Sunday, January 15, 2012

Why Should I Forgive?

Do you write comments in the margins of your Bible? I do. This morning I ran across a comment in the margin that caused a flash of negative emotion. I suddenly and intensely remembered the destruction that the acrimonious dissolving of a relationship with a close Christian friend caused. I think the extreme hurt I experienced is a result not only of the former emotional closeness but also because of the sharing of our spiritual lives. This former friend’s name and a comment were scribbled in my Bible beside this verse.

“So, being affectionately desirous of you, we were ready to share with you not only the gospel of God but also our own selves, because you had become very dear to us.” 1 Thessalonians 2:8  ESV

A flood of emotions engulfed me. I remembered the hurt and the time of difficulty. It is such an ingrained part of our human nature—to bring up the hurts and to nurse them. I wanted to focus on me and my feelings, my wants, my desires. That is why at times I have struggled with mild depression and anger. How can I expect to not be angry and depressed if I choose to spend time rehashing old hurts and rationalizing my behaviors? I am sure that by now, my side of the story only vaguely resembles what really happened. In my mind, my behavior has been justified and the other person’s behavior has been vilified. What have I gained? Nothing but the negative experiences caused by anger and depression. You would think that by making the events look better from my perspective would make me happier not sadder. That is not the case. The more I think about those sad events and sanitize my actions, the more I feel the strength of the negativism the breakup of a Christian friendship created. Scripture has instructions for dealing with other Christians.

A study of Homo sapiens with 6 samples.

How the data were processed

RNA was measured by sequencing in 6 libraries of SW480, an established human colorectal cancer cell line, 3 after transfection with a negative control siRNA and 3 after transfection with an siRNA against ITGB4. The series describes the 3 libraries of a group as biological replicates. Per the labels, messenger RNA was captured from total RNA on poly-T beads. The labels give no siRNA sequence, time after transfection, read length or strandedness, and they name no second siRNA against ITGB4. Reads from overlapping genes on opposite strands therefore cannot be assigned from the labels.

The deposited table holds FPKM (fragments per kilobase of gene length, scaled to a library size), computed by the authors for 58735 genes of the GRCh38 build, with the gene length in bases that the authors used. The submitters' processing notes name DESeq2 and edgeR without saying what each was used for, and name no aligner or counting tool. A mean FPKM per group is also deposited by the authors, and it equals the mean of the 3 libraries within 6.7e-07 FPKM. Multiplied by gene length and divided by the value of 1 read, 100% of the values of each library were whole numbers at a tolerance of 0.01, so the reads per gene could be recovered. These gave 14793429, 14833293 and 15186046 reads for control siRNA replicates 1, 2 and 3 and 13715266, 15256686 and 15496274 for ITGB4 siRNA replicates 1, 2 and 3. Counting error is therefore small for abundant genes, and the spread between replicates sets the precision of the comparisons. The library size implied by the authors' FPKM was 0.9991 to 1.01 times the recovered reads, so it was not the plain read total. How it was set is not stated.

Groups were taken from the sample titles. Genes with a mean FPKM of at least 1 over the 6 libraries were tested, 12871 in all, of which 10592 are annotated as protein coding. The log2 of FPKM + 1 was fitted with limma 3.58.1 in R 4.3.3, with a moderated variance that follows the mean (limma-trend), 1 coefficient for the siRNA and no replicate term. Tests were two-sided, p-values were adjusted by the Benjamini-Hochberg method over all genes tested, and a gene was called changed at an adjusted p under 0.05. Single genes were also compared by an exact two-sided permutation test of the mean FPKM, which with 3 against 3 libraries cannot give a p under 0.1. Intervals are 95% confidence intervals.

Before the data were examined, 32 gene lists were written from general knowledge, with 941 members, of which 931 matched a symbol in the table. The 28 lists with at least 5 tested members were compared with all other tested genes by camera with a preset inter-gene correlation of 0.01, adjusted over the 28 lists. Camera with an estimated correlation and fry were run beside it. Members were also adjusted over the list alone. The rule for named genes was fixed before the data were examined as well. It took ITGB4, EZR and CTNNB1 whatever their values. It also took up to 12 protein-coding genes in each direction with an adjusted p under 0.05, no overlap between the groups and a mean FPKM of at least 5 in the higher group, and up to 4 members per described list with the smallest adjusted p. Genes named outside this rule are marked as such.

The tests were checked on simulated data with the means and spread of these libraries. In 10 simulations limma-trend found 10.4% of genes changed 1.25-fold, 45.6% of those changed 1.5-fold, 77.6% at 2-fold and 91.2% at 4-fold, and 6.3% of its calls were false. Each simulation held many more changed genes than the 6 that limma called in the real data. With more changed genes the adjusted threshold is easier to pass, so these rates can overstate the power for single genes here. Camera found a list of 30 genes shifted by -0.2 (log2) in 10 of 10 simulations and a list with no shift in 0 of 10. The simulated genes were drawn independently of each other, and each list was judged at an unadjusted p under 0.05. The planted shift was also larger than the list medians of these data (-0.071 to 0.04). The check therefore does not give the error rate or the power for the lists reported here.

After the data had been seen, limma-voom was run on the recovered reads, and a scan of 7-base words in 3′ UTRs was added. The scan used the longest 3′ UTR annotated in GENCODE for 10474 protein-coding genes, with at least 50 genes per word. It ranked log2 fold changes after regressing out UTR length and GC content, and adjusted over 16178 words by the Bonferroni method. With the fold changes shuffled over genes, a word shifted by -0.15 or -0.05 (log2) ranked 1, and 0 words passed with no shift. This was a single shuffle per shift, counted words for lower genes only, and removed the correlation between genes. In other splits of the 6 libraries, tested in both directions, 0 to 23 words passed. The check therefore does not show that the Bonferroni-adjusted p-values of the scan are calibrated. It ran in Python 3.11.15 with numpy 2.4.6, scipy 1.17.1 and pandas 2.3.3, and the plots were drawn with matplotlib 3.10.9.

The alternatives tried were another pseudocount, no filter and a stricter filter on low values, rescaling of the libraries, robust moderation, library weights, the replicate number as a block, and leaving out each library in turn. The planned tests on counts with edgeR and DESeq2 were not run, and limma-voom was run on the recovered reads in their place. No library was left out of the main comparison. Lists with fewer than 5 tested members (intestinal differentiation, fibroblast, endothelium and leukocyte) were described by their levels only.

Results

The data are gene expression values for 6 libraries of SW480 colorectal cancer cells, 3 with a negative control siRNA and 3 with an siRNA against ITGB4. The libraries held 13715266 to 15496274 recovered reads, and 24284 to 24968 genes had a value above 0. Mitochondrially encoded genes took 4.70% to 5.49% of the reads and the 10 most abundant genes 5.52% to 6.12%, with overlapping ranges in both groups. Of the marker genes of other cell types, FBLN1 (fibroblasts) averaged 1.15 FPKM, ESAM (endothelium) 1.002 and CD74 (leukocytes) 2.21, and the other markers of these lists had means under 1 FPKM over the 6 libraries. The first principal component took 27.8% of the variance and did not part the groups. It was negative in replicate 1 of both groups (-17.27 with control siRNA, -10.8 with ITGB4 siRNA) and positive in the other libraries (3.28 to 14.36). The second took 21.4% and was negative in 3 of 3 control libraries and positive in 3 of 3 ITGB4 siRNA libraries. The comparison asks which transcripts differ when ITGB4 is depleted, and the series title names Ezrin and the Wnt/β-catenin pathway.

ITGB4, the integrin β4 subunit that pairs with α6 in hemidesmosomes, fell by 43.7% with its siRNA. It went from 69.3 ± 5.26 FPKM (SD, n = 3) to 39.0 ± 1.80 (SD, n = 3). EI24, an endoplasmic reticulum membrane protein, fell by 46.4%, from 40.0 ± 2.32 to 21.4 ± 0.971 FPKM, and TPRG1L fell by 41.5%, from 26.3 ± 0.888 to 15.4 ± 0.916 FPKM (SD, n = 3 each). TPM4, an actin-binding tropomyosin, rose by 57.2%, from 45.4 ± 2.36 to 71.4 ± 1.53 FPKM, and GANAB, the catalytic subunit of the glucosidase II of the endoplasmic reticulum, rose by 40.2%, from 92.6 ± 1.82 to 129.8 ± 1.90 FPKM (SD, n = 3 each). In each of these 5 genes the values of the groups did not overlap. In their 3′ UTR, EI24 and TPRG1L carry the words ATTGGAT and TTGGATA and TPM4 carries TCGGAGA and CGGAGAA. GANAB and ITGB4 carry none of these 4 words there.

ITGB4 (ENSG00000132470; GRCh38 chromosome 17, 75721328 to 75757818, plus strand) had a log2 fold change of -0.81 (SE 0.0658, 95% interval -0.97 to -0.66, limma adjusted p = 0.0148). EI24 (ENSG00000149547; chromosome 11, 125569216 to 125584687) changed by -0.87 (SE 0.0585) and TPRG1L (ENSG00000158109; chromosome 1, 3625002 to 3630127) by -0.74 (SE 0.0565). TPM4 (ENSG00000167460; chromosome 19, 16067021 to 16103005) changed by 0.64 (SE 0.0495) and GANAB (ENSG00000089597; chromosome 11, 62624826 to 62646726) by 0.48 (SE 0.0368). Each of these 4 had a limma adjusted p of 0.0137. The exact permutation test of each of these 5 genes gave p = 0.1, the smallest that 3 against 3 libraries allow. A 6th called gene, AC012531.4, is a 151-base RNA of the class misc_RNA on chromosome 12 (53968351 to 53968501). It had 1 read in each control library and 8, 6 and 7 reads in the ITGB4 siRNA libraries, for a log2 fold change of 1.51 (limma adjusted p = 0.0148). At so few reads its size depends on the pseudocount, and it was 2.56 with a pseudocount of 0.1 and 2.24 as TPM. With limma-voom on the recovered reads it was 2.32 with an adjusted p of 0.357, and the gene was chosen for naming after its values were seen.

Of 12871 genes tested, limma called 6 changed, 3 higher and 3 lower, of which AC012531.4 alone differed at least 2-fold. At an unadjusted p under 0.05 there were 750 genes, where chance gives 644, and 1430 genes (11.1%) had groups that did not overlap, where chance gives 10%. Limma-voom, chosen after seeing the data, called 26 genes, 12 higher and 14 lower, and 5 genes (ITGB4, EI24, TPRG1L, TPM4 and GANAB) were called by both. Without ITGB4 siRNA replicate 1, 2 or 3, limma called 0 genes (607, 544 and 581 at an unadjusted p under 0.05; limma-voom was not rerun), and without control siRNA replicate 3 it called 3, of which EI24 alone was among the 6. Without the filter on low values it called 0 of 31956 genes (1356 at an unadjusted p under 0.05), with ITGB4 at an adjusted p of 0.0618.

“Therefore encourage one another and build one another up...” 1 Thessalonians 5:11a  ESV

“…Be at peace among yourselves.” 1 Thessalonians 5:13b  ESV
“See that no one repays anyone evil for evil, but always seek to do good to one another and to everyone.” 1 Thessalonians 5:15  ESV

So if I want to follow God’s directions, I must choose to forgive and let go of the bad memories.  I must purposefully choose to focus on the good traits of Christians and the endearing memories. I must, at a heart level, seek only what is good for my former friend.  

Lord, give me the ability to choose to remember the good times. Create in me the mindset of building up and seeking the good for all of my fellow Christians. Give me a forgiving spirit when others do not meet my expectations.